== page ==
Capabilities for Interdicting Private Aircraft Are Limited and Costly
GGD-89-93: Published: Jun 9, 1989. Publicly Released: Jun 9, 1989.
- Full Report:
Pursuant to a congressional request, GAO reviewed the federal government's present and future air interdiction capabilities for controlling drug smuggling into the United States.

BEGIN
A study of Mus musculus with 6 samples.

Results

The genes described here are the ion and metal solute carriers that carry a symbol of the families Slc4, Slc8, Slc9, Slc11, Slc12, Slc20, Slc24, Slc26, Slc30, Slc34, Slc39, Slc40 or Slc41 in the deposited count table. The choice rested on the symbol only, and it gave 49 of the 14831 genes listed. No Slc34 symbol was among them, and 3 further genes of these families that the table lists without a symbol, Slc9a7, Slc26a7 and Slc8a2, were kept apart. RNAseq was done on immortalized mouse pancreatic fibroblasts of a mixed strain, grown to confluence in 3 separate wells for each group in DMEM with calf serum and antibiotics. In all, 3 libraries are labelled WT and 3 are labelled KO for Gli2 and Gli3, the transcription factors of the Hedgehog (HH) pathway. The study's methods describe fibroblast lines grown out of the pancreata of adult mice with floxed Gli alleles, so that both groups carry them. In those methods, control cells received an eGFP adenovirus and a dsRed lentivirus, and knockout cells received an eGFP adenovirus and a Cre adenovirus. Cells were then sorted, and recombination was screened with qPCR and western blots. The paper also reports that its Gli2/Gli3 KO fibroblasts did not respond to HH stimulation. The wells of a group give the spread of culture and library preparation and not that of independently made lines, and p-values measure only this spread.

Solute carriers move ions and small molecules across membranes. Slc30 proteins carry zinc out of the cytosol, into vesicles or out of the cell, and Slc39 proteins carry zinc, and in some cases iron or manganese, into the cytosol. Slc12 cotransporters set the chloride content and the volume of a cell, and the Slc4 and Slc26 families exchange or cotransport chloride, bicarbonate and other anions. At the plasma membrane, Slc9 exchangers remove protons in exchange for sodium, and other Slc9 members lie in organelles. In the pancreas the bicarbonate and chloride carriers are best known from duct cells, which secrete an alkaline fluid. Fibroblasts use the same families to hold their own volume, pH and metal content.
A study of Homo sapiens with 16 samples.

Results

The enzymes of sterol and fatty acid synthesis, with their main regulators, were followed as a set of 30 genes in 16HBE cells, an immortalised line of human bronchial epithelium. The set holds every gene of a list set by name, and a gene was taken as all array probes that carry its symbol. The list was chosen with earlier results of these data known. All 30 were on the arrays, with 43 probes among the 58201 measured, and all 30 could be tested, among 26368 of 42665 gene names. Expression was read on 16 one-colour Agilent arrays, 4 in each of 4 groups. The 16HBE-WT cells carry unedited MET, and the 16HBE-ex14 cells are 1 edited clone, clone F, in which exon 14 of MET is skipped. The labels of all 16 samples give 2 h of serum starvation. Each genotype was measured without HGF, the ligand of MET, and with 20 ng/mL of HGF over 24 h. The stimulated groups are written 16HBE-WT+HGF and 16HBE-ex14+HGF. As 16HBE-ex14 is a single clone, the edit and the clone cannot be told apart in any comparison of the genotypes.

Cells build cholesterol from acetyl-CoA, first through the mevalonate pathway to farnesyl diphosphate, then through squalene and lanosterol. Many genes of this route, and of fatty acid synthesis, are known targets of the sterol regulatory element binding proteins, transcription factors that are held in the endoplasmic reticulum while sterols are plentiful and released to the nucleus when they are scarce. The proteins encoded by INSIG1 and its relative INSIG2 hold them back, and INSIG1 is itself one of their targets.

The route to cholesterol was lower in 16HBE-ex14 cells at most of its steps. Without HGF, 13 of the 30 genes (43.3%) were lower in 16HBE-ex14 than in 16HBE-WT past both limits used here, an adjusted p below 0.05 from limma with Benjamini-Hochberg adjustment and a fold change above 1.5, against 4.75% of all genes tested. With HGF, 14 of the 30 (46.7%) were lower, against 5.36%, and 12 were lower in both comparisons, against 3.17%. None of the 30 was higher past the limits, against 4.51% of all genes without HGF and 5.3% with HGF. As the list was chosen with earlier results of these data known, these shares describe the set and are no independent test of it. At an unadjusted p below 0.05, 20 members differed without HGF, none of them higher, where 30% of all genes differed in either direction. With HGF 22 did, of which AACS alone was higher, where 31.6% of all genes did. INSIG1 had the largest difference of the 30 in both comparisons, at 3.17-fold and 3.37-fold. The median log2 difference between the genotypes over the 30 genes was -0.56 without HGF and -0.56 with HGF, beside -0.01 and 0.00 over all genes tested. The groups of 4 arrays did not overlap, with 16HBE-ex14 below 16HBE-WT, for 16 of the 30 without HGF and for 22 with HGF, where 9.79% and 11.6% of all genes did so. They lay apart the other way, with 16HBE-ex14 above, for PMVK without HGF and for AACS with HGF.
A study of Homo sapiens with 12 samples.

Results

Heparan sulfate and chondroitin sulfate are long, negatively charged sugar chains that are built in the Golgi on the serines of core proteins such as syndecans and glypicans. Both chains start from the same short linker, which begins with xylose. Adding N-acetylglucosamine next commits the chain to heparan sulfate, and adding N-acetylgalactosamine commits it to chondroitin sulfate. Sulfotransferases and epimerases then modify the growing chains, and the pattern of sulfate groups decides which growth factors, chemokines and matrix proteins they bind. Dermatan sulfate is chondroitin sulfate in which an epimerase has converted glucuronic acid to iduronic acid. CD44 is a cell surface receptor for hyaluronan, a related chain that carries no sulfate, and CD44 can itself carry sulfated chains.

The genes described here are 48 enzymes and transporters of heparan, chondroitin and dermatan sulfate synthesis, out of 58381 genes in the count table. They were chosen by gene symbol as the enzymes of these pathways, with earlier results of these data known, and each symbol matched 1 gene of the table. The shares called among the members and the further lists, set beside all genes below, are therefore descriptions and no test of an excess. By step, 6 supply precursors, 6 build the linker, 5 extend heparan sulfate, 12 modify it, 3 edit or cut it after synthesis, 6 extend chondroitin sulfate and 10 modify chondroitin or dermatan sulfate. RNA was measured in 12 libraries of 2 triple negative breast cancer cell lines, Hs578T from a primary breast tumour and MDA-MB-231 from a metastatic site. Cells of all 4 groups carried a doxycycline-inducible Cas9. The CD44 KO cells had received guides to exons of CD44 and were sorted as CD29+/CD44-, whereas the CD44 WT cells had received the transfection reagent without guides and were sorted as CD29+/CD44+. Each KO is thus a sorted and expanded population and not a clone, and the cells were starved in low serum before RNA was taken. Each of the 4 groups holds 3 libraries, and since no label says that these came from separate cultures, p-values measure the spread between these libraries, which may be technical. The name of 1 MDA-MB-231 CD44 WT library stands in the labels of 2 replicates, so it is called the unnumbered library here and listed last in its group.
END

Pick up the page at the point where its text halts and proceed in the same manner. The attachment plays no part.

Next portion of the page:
GAO found that: (1) 1989 legislation designated the Department of Defense (DOD), which had previously supported Customs Service and Coast Guard air interdiction efforts, as the single lead agency for detecting and monitoring aerial transit of drugs into the United States; (2) the air interdiction budget increased from $17.8 million for fiscal year (FY) 1982 to $204.2 million for FY 1989; (3) Customs and the Coast Guard used various radar systems to detect and track suspicious aircraft, with about 10 percent of FY 1987 and 1988 interdiction missions resulting in seizures of illegal drugs; (4) although 1986 and 1987 air interdiction efforts resulted in the seizure of substantial amounts of illegal drugs, they did not reduce the overall availability of illegal drugs to U.S. consumers; (5) the current air interdiction network had gaps in radar coverage due to smugglers' ability to exploit the various radar systems' inherent technical limitations; (6) planned deployments of additional radar systems should improve detection capabilities, although maintenance and weather factors would still preclude complete radar coverage; and (7) improvements in command, control, communications, and intelligence systems may also enhance the interdiction detection system's effectiveness. GAO believes that authorizing additional funds for the air interdiction programs may not be the most effective use of limited resources, since such programs do not address both the supply of and demand for illegal drugs.